Archive for December, 2013
I plan to read this poem at tonight’s Solstice event at Gallery Bookshop in Mendocino. Obviously it was written in a year other than 2013. We’ve had no rain all month, and none in the extended forecast, so face the likelihood of a drought year. I think of this piece as a kind of prayer.
Canticle for the Winter Solstice
I honor the rain that plummets from a leaden sky
on this day when the dying sun returns to life.
I honor the wet earth where fungi lift
the smells and secrets of their darkness
into forms potent with wildness
and fallen leaves grow slimy with decay.
I honor the sudden green suffusing
the face of the sun-scorched hill,
like the blush of knowledge in a woman’s face
after her first coupling.
I honor the flame of candle and hearth
that draws to itself the breaths
of all whose lives have sometime crossed,
mingles and transmutes them into warmth
and sends them out into the rain
where they caress the tender growing tips of trees.
Searoad, a story collection by Ursula K. LeGuin, has a permanent place on my bedside table. It’s there because every now and then I need to reread a certain story. A very short story, less than three pages, it is titled “Texts,” and tells of an older woman who, bombarded by messages and calls to action, retreats to the coastal Oregon village of Klatsand for a month-long winter break. As she walks on the deserted beach, she notices that the waves have left messages in the lines of foam, messages she can almost decipher. The laciness of the foam leads her to speculate that crochet work and lace might also be legible. In a handmade lace collar she reads a message that seems directed to her: “my soul must go, my soul must go … sister, sister, light the light.” There the story ends, with the woman not knowing “what she was to do, or how she was to do it.”
I think of this oddly moving little story every time I walk on Ten Mile Beach, as I did last Sunday. The receding waves left undulating lines of bubbles, iridescent in the hazy sunlight, that popped to form patterns of foam. Scattered across the beach were strands of bull kelp, dried into coils and loops that lay like a cursive script on the sand.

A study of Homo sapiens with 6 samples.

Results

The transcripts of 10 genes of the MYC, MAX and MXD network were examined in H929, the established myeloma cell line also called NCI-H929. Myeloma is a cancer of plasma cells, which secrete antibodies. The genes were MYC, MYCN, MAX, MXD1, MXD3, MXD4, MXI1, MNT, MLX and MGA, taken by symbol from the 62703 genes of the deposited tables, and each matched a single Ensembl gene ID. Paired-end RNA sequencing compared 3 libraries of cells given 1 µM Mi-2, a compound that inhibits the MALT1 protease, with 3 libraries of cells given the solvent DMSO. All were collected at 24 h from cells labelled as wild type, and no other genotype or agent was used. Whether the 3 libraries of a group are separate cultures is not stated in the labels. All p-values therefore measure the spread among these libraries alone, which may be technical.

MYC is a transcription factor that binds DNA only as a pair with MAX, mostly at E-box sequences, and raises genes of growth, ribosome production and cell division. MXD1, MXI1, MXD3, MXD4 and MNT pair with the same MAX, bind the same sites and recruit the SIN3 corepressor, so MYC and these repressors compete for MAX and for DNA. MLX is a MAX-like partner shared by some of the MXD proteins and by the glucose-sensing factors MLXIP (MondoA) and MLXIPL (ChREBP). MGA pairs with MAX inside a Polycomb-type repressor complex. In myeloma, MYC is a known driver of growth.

Yesterday, when the wind was brisk and the sea streaked with white caps, I remembered an interview I did for the Mendocino Art Center magazine. It was part of a series I wrote on artists who helped found the art center in the 1960s. By the time I met Jim Bertram in the early 2000s, he was senile and nonverbal, so I had to rely on material in the art center archives for information about his background and artistic vision. Nevertheless, Jim and I spent a wonderful afternoon together. I think a poem I wrote at the time sums it up:
“Line expresses the inner thought. It is a narrative of what we really want to tell each other but somehow can’t seem to verbalize.”
– Jim Bertram
These bright spring days, when the wind
scribbles its white calligraphy
on a wash of aquamarine,
I think of the artist in his studio
upstairs of a weathered storefront
overlooking Mendocino Bay.
Sheet after curling sheet he showed me, canvas
after canvas, covered with calligraphic forms
that could have been words, but were not.
In our shared silence I understood his drift:
how sometimes what matters most is inarticulate:
like the line of spray from a lifting wave,
the hand of an old man painting messages of love.
On my way downstairs from Jim’s studio, I fell in love with one of his paintings, which now has a place of honor in my house. I smile when I read its message.